A new piece of City Council legislation would forbid New York City tenants living in city-subsidized apartments from smoking in their own homes—a law that already applies in Los Angeles, Phoenix and Albany.

The bill, presented to the council today and sponsored by Queens Councilmember Donovan Richards, would apply to all 178,000 apartments in the New York City Housing Authority (NYCHA), the Post reports. Tenants moving into brand new subsidized units would find a no-smoking stipulation in their leases, possibly punishable by fines factored into monthly rent, according to the tabloid.

An official blueprint for enforcement and punishment has yet to be determined.

Richards, who chairs the Council's environmental protection committee, has presented his legislation as a measure to protect health.

"The only way to protect nonsmokers from exposure to the toxins found in cigarettes within the confines of their homes is to create entirely smoke-free housing,” he wrote this spring, when the legislation was first proposed.

"Considering the correlation between poor health and exposure to cigarette smoke, I strongly urge the de Blasio administration as they study ways to meet their affordable housing goal, to require that all 200,000 of the newly created or preserved housing units be smoke free."

Assuming he can pull all of those units off.

Capital reports that a small number of the city's affordable housing apartments are smoke-free already, including Arbor House in the Bronx and Utica Place in Brooklyn. The prospect of a city-imposed ban has raised concerns about rights violations on both sides of the argument.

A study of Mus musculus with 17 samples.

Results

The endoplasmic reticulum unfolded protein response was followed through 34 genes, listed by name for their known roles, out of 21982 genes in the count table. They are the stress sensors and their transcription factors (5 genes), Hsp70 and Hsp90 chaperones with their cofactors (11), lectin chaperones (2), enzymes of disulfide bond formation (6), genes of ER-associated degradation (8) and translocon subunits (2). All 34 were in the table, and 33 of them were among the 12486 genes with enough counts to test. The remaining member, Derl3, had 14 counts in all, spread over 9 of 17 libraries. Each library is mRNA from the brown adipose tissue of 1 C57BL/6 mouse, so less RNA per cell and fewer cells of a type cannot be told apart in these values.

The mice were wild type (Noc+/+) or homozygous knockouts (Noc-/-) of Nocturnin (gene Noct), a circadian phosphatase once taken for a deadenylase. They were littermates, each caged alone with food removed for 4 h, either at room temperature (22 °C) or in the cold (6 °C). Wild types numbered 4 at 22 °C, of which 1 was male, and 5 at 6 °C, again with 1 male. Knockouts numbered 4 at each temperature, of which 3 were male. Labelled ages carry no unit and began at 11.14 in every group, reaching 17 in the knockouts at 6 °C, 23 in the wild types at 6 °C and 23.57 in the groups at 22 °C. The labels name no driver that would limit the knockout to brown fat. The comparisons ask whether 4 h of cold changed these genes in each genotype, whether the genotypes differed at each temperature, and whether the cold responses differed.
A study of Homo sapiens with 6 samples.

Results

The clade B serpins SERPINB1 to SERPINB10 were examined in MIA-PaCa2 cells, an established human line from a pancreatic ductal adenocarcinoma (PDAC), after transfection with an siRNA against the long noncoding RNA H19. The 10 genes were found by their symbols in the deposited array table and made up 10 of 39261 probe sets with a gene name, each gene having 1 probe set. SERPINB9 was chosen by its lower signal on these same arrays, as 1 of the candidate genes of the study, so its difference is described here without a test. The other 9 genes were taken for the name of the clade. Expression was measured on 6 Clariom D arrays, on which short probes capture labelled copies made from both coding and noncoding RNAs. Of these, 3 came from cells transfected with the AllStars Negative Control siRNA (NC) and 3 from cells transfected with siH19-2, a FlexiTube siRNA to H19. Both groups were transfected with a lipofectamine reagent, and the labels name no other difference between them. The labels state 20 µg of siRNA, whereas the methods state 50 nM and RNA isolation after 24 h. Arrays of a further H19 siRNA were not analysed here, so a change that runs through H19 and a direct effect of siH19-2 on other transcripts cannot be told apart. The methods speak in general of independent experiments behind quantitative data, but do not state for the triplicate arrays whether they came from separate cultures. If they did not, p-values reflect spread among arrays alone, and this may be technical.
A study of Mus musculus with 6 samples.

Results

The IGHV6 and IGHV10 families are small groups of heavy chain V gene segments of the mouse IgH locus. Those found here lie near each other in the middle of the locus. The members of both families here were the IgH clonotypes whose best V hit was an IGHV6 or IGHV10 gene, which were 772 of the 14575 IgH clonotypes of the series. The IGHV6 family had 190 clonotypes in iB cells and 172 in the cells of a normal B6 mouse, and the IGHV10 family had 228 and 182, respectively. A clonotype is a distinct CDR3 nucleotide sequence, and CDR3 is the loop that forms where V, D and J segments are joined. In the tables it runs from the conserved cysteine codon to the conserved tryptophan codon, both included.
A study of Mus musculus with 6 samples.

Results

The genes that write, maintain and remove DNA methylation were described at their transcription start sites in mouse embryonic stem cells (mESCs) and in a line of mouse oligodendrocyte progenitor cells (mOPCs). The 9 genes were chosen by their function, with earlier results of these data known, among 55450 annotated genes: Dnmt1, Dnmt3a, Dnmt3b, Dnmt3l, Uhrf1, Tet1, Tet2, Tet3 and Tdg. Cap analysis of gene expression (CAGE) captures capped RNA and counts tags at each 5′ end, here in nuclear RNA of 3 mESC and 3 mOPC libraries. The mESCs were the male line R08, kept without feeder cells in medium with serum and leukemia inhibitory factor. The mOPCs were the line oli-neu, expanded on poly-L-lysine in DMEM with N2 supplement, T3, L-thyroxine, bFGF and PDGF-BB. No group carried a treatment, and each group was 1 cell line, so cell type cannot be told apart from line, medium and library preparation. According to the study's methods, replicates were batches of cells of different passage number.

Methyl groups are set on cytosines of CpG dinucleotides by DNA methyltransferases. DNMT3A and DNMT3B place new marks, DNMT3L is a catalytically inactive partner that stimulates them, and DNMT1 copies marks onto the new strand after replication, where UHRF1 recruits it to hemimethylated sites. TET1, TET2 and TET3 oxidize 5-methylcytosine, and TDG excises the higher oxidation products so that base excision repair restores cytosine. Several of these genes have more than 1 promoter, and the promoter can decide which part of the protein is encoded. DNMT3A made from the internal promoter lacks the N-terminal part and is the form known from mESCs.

“You're taking advantage of [the tenants'] position because they can't afford a private house so they can't smoke,” New York City Citizens Lobbying Against Smoker Harassment (NYC CLASH) founder Audrey Silk told the news outlet.

Whereas Richards has argued that children and elderly people living in subsidized housing have a "right" to smoke-free air.

“You have a right to do what you want to do in your apartment — except when it’s hurting people next door or upstairs," he told the News.

Richards's Chief of Staff also alluded to tenant concerns that anti-smoking policies might give landlords leverage for harassment. "We don’t want it to contribute to displacement or harassment," he told the Post. "This is really about clean air."

A 2015 study found that NYC smoking rates have hit their lowest point since 2007. The most recent data shows that 13.9% of New Yorkers were smoking in 2014, down from 16.1% in 2013, or more than 1 million New Yorkers.